1
[ geyn ]
/ geɪn /

verb (used with object)

verb (used without object)

noun



    gain ground, to progress or advance, as in value, strength, or achievement: The company's new products are gaining ground in suburban areas.
    gain time, to arrange a postponement or delay for a particular purpose, especially by roundabout means.

Origin of gain

1
1425–75; late Middle English (noun), from Middle French, contraction of Old French gaaing, noun derivative of gaaignier “to till, earn, win,” from Germanic; compare Old High German weidanōn “to hunt, forage for food”

synonym study for gain

1. Gain, attain, earn, win imply obtaining a reward or something advantageous. Gain carries the least suggestion of method or of effort expended: After battling the blizzard, we finally gained our destination. Attain emphasizes the reaching of a goal: to attain stardom. Earn emphasizes the exertions and labor expended that deserve reward: to earn a promotion. Win emphasizes attainment in spite of competition or opposition: to win support in a campaign.

OTHER WORDS FROM gain

gain·a·ble, adjectiveun·gain·a·ble, adjective

Definition for gain (2 of 2)

gain2
[ geyn ]
/ geɪn /
Carpentry.

noun

a notch, dado, or mortise cut into a piece of wood, as to receive another piece or to house a flap of a hinge.
a short rabbet, for receiving a flap of a butt hinge.

verb (used with object)

to make a gain or gains in.
to fasten or support by means of a gain.

Origin of gain

2
1670–80; perhaps akin to obsolete gane,Old English (north) ganian to yawn, open
Dictionary.com Unabridged Based on the Random House Unabridged Dictionary, © Random House, Inc. 2021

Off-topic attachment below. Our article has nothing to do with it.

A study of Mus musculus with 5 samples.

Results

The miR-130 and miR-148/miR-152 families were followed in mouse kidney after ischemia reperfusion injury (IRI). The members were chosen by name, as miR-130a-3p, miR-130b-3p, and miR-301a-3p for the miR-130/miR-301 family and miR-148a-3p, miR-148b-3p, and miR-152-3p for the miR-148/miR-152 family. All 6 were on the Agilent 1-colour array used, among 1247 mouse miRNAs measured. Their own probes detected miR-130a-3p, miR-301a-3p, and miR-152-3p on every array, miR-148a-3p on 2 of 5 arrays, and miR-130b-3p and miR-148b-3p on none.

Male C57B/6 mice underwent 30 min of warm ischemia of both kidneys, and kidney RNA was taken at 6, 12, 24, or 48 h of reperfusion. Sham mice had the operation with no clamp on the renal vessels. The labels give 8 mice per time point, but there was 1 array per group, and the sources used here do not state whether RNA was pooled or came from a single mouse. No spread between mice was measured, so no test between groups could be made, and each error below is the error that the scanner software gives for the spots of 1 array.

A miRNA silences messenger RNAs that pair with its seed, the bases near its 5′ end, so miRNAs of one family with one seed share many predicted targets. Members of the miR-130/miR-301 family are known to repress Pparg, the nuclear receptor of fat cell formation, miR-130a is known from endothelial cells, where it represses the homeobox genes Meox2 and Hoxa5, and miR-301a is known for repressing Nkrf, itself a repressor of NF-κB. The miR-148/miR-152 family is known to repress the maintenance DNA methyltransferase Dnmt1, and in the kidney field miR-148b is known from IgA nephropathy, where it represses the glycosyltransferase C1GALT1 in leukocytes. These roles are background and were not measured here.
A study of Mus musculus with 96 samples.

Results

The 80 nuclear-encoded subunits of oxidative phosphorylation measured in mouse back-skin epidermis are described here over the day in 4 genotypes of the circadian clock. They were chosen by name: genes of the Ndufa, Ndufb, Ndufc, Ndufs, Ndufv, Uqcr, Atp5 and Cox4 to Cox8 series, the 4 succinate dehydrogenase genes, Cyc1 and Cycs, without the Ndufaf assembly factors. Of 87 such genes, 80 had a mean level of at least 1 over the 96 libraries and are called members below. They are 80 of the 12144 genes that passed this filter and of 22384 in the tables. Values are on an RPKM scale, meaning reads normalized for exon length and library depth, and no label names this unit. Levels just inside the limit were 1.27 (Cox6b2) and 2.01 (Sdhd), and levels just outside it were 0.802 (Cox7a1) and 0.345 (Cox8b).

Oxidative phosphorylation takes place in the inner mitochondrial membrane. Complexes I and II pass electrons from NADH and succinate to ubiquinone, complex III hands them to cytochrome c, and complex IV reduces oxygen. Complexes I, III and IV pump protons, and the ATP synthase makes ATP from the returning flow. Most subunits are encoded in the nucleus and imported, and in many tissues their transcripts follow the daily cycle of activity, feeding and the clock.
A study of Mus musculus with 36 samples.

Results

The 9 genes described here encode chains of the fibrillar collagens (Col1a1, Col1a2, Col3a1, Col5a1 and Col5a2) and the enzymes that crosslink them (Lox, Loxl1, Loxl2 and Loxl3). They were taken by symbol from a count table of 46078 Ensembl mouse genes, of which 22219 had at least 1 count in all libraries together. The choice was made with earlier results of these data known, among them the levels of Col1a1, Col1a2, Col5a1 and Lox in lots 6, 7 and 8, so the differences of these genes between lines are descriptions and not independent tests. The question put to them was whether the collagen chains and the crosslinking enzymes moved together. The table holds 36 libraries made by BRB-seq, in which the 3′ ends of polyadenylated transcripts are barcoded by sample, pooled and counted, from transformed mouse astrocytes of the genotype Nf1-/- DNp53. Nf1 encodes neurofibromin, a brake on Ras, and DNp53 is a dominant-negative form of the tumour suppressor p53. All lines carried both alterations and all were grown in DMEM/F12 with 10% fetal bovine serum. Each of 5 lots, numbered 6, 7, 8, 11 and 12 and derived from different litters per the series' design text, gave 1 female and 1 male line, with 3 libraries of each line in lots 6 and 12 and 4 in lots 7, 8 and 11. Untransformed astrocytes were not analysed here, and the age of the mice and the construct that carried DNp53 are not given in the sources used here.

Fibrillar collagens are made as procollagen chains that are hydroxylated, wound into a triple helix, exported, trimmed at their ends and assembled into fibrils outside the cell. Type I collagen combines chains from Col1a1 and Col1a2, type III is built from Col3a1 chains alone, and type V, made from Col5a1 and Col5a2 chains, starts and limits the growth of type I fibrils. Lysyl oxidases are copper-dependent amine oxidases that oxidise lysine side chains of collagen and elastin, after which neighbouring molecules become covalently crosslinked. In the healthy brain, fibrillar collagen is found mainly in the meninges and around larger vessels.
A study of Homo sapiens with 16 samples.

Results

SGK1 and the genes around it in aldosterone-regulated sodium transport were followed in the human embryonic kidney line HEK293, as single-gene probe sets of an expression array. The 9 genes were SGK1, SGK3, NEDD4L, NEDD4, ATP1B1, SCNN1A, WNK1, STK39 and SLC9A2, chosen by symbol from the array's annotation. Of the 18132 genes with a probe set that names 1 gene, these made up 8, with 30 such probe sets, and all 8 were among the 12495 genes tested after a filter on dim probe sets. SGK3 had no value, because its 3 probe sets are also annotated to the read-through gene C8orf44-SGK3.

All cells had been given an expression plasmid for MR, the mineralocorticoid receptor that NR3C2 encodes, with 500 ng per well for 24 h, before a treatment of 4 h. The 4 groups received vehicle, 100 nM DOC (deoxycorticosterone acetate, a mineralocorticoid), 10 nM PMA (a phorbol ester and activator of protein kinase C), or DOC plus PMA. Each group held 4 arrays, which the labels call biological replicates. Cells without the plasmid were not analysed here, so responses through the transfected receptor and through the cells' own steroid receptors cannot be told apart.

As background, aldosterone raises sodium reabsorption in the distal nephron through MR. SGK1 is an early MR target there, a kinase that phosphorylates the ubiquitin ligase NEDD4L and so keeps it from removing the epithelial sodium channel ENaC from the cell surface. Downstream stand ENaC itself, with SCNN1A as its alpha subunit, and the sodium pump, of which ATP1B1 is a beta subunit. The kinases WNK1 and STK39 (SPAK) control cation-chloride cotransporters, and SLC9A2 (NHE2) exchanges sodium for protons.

Example sentences from the Web for gain

British Dictionary definitions for gain (1 of 3)

gain1
/ (ɡeɪn) /

verb

noun

See also gains

Derived forms of gain

gainable, adjective

Word Origin for gain

C15: from Old French gaaignier, of Germanic origin; related to Old High German weidenen to forage, hunt

British Dictionary definitions for gain (2 of 3)

gain2
/ (ɡeɪn) /

noun

a notch, mortise, or groove, esp one cut to take the flap of a butt hinge

verb

(tr) to cut a gain or gains in

Word Origin for gain

C17: of obscure origin

British Dictionary definitions for gain (3 of 3)

GAIN
/ (ɡeɪn) /

n acronym for (in Canada)

Guaranteed Annual Income
Collins English Dictionary - Complete & Unabridged 2012 Digital Edition © William Collins Sons & Co. Ltd. 1979, 1986 © HarperCollins Publishers 1998, 2000, 2003, 2005, 2006, 2007, 2009, 2012

Medical definitions for gain

gain
[ gān ]

n.

An increase in amount or degree.
Progress; advancement.
The American Heritage® Stedman's Medical Dictionary Copyright © 2002, 2001, 1995 by Houghton Mifflin Company. Published by Houghton Mifflin Company.

Idioms and Phrases with gain

gain

The American Heritage® Idioms Dictionary Copyright © 2002, 2001, 1995 by Houghton Mifflin Harcourt Publishing Company. Published by Houghton Mifflin Harcourt Publishing Company.